Overcrowded shelters, death row and subpar medical care. Here’s why foster-based pet rescues are a better alternative to shelter rescues.
What is a foster-based rescue? You may ask.
The term “foster-based” could encompass a variety of rescue types. Some, like county shelters, can have foster programs, but what is the difference?
In our rescue, Hope of Deliverance, Inc., we took years of volunteering with county shelters and working with multiple rescue organizations and started our foster-based dog rescue to do everything the way we felt it should.
Some of the rescues we worked with prior did not provide supplies, more than basic medical care, and never assisted with any training—which is essential for rehabilitating the often severely abused and traumatized dogs.
While volunteering for other rescues, we overwhelmingly noticed the preference for people adopting from a foster-based rescue rather than directly from the county shelter.
A home versus a shelter causes less stress on the dog, and the adopters can know valuable information about behavior, health concerns, and needs. Dogs taken from the shelter can decompress, receive adequate medical care, start any training needed, and live in a home environment so we can assess the best fit for that dog in a permanent adoptive home.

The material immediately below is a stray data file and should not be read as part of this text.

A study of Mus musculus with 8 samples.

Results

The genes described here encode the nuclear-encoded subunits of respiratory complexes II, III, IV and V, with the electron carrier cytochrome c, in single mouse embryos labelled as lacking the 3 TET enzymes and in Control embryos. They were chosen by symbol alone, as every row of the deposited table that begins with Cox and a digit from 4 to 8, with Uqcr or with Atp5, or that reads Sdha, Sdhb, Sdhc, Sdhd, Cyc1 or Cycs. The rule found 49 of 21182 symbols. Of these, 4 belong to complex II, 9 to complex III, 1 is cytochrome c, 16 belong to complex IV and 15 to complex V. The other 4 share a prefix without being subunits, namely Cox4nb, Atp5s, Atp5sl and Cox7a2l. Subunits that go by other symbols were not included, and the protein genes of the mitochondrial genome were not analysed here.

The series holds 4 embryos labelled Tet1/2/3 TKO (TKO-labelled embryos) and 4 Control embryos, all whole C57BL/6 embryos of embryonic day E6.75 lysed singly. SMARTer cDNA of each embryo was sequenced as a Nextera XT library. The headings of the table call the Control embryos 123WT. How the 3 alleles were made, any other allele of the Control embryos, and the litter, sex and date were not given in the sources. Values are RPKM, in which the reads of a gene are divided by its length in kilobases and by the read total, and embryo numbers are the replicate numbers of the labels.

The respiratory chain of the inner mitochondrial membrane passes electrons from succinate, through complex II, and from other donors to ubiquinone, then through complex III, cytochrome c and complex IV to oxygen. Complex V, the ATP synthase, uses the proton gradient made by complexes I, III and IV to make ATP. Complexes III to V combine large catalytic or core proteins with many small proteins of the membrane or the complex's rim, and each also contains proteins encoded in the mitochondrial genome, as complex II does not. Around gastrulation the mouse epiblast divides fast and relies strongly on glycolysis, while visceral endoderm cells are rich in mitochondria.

Our foster-based rescue Hope of Deliverance, provides food, crates, bedding, toys, treats, collars, leashes, and any other tool for that dog. We also cover complete medical care—whether a $500 case or a $5,000 case—and training if needed for the foster or directly for the adopter. And any supplies required for the specific dog also go with them to their forever home.
The story of Mr. Bean highlights the peak of foster-based rescue.
One year ago, Mr. Bean began his life with his mother in Mexico.
Unbeknownst to him, his human was in a domestic violence relationship. The man killed his mother and beat Mr. Bean so badly as a 10lb puppy that ...
To read more of this blog and the story of Mr. Bean check it out on here on Vocal.
About the author
Bree Kishman is the Director of Hope of Deliverance, Inc., a 501 (c)(3) non-profit dog rescue in Tucson, AZ. Bree graduated from Molloy College in Hempstead, NY, with a degree in Pre-K -- 12 Visual Arts Education, but has focused on dedicating her life to saving as many dogs as she is able by providing exceptional care for those neglected. Bree resides in both New York and Tucson, with her toddler, Emery, husband, Tony, and 5 personal dogs, Lucy, Oliver, Rothko, Stuart and Rocco.